A federal judge in Detroit withdrew on Tuesday from a Palestinian activist’s case over his financial ties to Israel.
The US federal authorities arrested Palestinian activist Rasmieh Odeh several months ago on charges of failing to declare her detention in Israel 45 years ago when applying for her immigration papers. Odeh was arrested and tortured in Israel on charges she never confessed to relating to bombing an Israeli chain store in Jerusalem in 1969. She was released ten years later during a prisoner exchange deal.
The defence team discovered that US District Judge Paul Borman, who was appointed to try the case, and his family had financial ties to the chain store when it was bombed.
A spokesperson for Odeh’s defence team told Al-Arab Al-Yawm newspaper that Judge Borman, who is Jewish, decided on his own to resign because of the growing fears of bias. The spokesperson said the defence team also proved through public records that he had made donations to Zionist organisations in the past.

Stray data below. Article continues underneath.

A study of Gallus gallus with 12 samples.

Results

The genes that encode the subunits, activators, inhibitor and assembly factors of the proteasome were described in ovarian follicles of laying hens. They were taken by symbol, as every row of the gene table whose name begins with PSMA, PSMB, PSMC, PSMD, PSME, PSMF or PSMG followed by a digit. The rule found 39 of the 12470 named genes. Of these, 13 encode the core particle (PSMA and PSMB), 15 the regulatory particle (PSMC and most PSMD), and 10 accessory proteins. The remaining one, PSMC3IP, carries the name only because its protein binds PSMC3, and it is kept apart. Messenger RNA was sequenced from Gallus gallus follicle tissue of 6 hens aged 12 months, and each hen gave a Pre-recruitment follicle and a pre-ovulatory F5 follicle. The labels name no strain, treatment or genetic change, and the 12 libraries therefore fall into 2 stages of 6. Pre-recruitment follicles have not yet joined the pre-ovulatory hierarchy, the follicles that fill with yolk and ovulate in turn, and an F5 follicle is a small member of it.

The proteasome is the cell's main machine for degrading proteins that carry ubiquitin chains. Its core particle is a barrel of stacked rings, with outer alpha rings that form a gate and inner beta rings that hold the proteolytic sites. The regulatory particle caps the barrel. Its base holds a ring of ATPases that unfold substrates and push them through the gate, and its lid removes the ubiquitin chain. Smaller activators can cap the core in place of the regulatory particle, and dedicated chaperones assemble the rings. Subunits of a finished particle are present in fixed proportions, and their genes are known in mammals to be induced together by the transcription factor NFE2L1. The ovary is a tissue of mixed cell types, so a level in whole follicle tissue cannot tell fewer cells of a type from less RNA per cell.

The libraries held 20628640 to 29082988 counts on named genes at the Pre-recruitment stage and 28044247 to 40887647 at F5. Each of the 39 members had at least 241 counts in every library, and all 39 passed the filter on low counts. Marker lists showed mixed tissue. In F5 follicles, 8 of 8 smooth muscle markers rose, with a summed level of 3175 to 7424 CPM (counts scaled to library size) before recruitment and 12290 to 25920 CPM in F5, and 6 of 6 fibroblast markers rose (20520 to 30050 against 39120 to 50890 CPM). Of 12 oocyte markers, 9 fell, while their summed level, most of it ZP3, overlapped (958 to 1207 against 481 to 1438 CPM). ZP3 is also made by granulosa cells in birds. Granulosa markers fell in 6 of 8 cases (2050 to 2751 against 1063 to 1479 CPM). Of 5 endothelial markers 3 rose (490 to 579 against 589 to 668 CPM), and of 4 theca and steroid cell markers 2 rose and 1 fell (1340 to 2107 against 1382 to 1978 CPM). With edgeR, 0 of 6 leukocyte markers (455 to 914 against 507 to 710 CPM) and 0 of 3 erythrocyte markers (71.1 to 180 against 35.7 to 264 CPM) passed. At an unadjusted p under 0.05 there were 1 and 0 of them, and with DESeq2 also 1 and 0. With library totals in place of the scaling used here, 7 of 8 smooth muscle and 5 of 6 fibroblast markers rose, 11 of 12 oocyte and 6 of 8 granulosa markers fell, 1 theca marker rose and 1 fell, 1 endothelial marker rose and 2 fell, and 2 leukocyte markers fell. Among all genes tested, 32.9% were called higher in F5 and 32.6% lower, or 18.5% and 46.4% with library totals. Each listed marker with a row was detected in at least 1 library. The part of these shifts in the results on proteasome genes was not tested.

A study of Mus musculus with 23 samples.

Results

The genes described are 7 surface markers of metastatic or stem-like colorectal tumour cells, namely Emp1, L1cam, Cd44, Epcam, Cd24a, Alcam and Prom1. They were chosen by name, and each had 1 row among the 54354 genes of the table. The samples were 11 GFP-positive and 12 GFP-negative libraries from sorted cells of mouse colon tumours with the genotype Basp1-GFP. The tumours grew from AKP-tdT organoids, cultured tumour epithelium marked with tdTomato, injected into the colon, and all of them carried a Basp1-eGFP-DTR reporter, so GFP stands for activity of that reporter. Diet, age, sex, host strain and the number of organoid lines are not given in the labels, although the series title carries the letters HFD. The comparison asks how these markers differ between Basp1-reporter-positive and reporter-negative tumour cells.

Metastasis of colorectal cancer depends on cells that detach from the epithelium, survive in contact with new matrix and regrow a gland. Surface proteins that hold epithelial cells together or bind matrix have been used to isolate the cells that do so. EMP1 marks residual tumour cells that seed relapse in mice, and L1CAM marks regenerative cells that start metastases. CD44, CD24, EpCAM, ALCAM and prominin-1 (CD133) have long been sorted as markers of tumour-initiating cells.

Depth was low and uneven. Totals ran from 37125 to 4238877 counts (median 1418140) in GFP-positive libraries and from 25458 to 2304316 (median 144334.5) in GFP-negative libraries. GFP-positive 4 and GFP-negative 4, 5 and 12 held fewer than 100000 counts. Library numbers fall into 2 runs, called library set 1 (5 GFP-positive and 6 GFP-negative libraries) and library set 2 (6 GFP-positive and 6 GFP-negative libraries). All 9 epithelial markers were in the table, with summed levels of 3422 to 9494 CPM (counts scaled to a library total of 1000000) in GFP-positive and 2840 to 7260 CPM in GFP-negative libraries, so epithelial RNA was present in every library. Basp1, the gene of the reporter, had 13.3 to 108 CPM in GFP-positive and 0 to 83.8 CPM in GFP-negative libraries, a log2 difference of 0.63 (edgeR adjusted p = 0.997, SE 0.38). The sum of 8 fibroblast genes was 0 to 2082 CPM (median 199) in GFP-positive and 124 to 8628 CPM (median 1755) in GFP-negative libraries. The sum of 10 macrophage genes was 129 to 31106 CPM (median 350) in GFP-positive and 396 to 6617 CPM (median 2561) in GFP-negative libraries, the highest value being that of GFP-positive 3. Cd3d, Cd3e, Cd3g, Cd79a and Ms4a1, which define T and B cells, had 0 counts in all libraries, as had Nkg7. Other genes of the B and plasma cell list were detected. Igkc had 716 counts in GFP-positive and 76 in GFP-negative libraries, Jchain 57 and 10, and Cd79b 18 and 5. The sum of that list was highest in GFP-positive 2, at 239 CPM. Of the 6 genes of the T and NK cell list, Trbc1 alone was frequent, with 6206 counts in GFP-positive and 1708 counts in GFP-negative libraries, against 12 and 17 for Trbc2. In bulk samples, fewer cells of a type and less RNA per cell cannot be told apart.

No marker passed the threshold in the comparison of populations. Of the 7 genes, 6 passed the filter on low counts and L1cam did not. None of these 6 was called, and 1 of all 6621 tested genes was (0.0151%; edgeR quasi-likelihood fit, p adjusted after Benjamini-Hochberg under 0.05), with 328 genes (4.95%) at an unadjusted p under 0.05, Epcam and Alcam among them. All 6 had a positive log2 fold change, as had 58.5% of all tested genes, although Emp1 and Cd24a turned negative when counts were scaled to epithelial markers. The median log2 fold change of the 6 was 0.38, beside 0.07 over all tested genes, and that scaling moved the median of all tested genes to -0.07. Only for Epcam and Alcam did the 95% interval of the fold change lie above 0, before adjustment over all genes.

“According to the records, several years ago Judge Borman donated $6,000 of his own money to American Friends of the IDF and helped collect hundreds of thousands of dollars for other Zionist organisations, for which he received several awards from AIPAC,” the spokesperson reportedly told the newspaper.
The defence committee asked Judge Borman last month to withdraw from the case to preserve the verdict’s integrity, saying he is influenced by Zionist propaganda.
The case has now been reassigned to US District Judge Gershwin A Drain. Odeh’s trial will resume early next month and may continue for three weeks before a verdict is issued.
Odeh’s defence team has been able to collect donations to cover part of the trial’s costs, which in total could reach as much as $200,000.
The unexpected turn in Odeh’s case is seen as a victory for not only the activist, but also the growing BDS movement in the United States.